The Three S's of Composition

The Three S’s of Composition


For example, I get a lot of questions about using the rule of thirds in composition. The rule of thirds gives you a framework for thinking about composition, by getting you to think about where to place the main subject of your photo (or the eye of a model in a portrait). But what if you look at composition using a different framework? That’s where the three S’s of composition comes in. It gives you three simple things to think about when composing your photo – easy to understand principles that any photographer can use to improve their composition.

Simplicity in composition

The first principle is to make your photos as simple as possible. Think about what you want to include in the composition – and what to exclude. Simplicity involves thinking about shapes, forms, patterns and lines. You need an awareness of light, shadow, color and tonal contrast. It takes time to learn to see these things. You need discipline and practice and is a natural part of the process of developing your creative vision.

Whenever you take a photo, ask yourself if you can simplify the composition by leaving anything out. The easiest way is often just to get closer to the subject, but you may also use techniques such as selective focusing or switching to a longer focal length. You can also simplify by removing color and converting to black and white in Lightroom Classic.

Let me give you an example. I came across this scene in a a remote village in Bolivia. South America is full of old vehicles like these, especially in remote places. This is the first photo I made as I approached the scene.

Simplicity in photographic composition

Then I started thinking about the composition more. I liked the way the wheel on the old truck had been covered. And of course I liked the texture and patina of the paintwork. So I moved in close and made this photo, making sure to include the number plate to add a sense of place.

Simplicity in photographic composition

Space in composition

Simplifying the composition makes your message clearer. The exclusion process makes the visual elements you keep more important. You can simplify the composition by getting closer to your subject. But you may also need to provide some space around the subject, to provide context and give the eye something to look at. Sometimes the subject simply needs room to breathe. You can see that idea in action in both photos below. In the first (left) the patina and color of the metal makes the photo more interesting to look at. In the second (right) the red wall behind the shrine adds texture and color.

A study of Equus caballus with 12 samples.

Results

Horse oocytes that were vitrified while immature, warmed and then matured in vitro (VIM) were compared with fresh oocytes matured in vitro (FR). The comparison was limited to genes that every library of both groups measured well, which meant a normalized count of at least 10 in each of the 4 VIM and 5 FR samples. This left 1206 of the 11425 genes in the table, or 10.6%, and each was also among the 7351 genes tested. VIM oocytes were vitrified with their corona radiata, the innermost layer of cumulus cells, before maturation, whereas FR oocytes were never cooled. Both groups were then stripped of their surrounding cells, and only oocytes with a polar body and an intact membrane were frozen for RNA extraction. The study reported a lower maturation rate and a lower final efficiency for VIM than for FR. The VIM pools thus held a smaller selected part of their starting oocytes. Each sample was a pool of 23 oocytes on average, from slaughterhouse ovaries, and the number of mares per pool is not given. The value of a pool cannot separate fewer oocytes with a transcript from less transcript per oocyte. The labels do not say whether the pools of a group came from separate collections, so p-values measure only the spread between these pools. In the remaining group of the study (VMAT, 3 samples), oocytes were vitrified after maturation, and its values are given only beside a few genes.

Space and photographic composition

Space and simplicity often go together. I’ve included space around the subject in both photos but the composition is simple because the background doesn’t contain any distractions.

Subtlety in composition

We are often attracted to high contrast, colourful images. They have impact and an instant wow factor. But do they have staying power? Often the answer is no. Bright colours and high contrast are relatively easy to create, but they can also be a sign of a lack of creativity, or artistic vision. Subtle images often lack immediate impact but their presence lingers in the mind.

Subtlety takes time to appreciate. It’s an indication that the photographer has taken the time to think about the creation of a photo.

This photo of an old sofa is subtle. The light is soft and diffuse. The blues and browns of the deck give a simple, limited color palette.

Subtlety in photographic composition

The composition is also simple.

Let me finish with another photo that shows all three ideas in action together.

Black and white landscape photo

In this photo you have a simple composition, with the sea and sky giving space around the rock stacks. I’ve simplified further by converting it to black and white. It also has lots of subtle gray tones, it’s not a high contrast black and white image. The three ideas are working together.

That doesn’t mean that every photo you make should use all three S’s (simplicity, space and subtlety). There are times when a complex composition is the best choice, or that the subject doesn’t need much space, or that the composition needs to be strong and bold. The three S’s are tools, or ideas that you can use when appropriate. They give you a new way of thinking about composition that’s different from traditional concepts like the rule of thirds.

Further reading

Mastering Composition ebook

Mastering Composition

You can learn more about all aspects of creative composition with my ebook Mastering Composition. It has 20 heart-felt lessons that take you on a journey beyond the rule of thirds, exploring the other aspects of composition you need to understand to create beautiful photos.

Introducing Lightroom Classic ebookThanks for reading. You can get more great articles and tips about photography in my popular Mastering Photography email newsletter. Join today and I’ll send you 47 PhotoTips cards and my ebook Introducing Lightroom Classic . Over 30,000 photographers subscribe. Enter your email now and join us.

Composition ebooks

About Andrew S. Gibson

Andrew S. Gibson is a writer with a camera. He started writing about photography while traveling in Bolivia, and has been published in many prestigious photography magazines including EOS magazine, where he worked as a Writer and Technical Editor for two years. He lives in south Devon in the UK and is inspired by meeting new people, seeing new places and having new experiences. Check out his photography ebooks here.